Additional Information

The Basic Right of Accessibility

The basic rights of persons with disabilities include equality and accessibility. Below are three examples of policy and legislation that cover these basic rights.

United Nations

In 1994 the United Nations (UN) adopted the Standard Rules on the Equalization of Opportunities for Persons with Disabilities. Although not a legally binding instrument, the standard rules represent a strong moral and political commitment for governments to take action to attain equalisation of opportunities for persons with disabilities. The rules serve as an instrument for policy-making and as a basis for technical and economic cooperation.

In December 2006, the United Nations adopted the Convention on the Rights of Persons with Disabilities (CRPD). This convention establishes a range of rights and responsibilities. It establishes rights for persons with disabilities and responsibilities for governmental and private sector players from signatory and ratifying countries.
In cooperation with the International Telecommunication Union (ITU) and the Global Initiative for Inclusive ICTs (G3ict), the United Nations developed a toolkit for policy makers that addresses the Convention’s provisions regarding accessibility to information and communication technologies (ICTs): see the e-Accessibility Policy Toolkit for Persons with Disabilities.

European Union

The European Union and its member states have confirmed their view that disability is a broad human rights issue. They set up an EU Disability Strategy that is built upon three pillars:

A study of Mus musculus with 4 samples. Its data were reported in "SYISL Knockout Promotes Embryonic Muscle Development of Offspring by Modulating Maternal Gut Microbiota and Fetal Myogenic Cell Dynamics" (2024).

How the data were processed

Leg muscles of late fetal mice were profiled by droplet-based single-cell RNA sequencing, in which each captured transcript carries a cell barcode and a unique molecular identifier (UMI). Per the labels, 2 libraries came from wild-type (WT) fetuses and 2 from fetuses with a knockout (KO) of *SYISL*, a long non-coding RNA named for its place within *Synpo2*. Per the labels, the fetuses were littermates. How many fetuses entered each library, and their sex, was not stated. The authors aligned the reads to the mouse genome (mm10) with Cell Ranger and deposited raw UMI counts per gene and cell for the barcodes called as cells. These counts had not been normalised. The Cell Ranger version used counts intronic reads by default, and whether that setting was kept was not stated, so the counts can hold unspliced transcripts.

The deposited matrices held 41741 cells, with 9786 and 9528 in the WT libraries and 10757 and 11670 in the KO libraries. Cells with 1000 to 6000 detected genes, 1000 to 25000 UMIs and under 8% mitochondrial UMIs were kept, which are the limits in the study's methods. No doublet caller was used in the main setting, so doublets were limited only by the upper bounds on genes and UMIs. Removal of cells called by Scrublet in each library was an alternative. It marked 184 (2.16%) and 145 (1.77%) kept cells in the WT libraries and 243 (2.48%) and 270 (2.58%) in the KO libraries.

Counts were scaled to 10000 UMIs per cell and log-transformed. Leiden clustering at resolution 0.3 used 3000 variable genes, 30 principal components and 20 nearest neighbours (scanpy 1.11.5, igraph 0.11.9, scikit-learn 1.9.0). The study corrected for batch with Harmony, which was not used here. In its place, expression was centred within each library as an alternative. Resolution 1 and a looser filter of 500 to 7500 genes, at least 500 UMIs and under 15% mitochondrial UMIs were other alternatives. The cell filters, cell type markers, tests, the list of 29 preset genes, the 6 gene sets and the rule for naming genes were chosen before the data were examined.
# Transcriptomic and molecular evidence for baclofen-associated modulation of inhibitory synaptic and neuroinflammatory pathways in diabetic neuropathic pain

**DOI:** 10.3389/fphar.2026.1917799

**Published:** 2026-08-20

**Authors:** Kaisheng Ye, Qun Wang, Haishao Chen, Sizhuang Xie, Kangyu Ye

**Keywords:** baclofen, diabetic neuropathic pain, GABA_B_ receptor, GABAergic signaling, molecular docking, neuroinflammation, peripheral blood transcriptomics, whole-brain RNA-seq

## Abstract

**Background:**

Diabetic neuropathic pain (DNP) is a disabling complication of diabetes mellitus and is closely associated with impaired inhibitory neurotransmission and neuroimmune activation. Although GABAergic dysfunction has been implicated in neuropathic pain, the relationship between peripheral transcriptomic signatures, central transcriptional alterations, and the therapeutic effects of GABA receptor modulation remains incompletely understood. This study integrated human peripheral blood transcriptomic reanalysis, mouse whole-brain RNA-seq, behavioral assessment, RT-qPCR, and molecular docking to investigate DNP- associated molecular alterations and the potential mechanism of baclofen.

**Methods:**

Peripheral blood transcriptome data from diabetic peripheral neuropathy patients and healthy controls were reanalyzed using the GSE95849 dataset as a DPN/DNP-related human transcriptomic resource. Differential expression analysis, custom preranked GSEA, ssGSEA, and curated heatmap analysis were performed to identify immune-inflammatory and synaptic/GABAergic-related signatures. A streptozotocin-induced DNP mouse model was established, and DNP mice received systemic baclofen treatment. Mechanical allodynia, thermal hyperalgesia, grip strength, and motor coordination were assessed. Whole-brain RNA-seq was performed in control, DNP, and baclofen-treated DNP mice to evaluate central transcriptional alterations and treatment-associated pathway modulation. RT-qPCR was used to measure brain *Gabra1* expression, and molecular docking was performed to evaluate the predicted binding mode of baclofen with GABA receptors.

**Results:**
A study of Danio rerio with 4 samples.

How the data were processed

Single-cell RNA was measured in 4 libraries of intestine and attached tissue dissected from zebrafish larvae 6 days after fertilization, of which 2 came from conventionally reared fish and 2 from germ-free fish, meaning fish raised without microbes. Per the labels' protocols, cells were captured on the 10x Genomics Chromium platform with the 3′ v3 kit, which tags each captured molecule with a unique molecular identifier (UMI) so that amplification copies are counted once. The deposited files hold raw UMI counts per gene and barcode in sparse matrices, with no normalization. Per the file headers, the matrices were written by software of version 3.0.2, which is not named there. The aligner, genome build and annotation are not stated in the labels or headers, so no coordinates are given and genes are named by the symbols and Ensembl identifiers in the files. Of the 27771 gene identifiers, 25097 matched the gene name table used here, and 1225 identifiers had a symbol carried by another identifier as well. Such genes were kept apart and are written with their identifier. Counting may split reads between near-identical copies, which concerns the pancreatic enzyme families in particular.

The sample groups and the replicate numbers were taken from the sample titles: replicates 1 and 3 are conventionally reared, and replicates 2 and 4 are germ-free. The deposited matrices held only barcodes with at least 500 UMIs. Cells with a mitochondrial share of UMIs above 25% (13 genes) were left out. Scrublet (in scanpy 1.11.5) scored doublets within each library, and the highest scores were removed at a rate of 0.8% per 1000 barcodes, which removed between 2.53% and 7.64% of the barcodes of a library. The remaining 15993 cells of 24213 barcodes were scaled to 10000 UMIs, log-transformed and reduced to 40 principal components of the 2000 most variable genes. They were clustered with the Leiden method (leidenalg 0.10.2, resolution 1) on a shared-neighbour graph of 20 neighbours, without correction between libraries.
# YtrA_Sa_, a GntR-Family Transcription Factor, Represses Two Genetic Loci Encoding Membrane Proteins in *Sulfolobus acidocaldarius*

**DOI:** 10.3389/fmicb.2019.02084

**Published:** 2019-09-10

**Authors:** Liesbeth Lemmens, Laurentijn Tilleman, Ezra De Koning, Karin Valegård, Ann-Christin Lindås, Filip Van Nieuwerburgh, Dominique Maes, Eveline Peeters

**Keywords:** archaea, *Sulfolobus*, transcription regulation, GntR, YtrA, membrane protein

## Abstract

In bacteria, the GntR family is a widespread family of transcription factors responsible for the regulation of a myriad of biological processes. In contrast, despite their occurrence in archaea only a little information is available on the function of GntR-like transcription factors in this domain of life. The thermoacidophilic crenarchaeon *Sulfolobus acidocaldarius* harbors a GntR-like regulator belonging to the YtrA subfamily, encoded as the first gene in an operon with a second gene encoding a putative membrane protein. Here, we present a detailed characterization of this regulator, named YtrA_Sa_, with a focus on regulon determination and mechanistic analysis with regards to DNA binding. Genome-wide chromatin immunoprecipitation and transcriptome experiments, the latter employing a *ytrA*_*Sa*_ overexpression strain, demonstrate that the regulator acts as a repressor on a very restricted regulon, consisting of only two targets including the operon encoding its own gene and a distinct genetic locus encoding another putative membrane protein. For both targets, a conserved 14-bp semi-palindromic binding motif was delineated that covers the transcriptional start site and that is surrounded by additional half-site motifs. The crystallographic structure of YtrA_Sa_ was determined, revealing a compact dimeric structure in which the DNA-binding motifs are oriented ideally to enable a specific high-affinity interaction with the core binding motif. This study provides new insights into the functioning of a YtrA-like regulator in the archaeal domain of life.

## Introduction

The Stand4All training fits in this framework.

United States of America

The United States have significant regulation to eliminate discrimination against persons with disabilities. This is not included in the Stand4All training because it is not European legislation. However, it shows how regulation is also possible. More information is available on websites dedicated to the Americans with Disabilities Act and Section 508 of the Rehabilitation Act.


Simply put, a standard is an agreed, repeatable way of doing something. It is a published document that contains a technical specification or other precise criteria designed to be used consistently as a rule, guideline, or definition. Standards help to make life simpler and to increase the reliability and the effectiveness of many goods and services we use. Standards are created by bringing together the experience and expertise of all interested parties such as the producers, sellers, buyers, users and regulators of a particular material, product, process or service.

A standard is a document established by consensus that provides rules, guidelines or characteristics for products, services and systems. Thanks to standards, simple things like the size of a credit card — and all the products and services related to it — can be the same everywhere. If there’s no standard for the services or product, there can be differences between these products and services. These differences vary in terms of safety, security, compatibility etcetera.

Standards can help us to ensure public safety because they can ensure that products and services meet their safety requirements. Because of these safety standards, the public can live and work in a safer, sustainable and a more reliable environment.

In addition to the safety aspect, it is also of great importance that standards can reduce costs; change is easy to implement when heterogeneous resources work together.

Standards also improve quality of products and services as they anticipate and respond to changes and developments in the market, customer demand and business priorities. Standards also improve quality of goods as they use value from business assets, including people, process, and technology.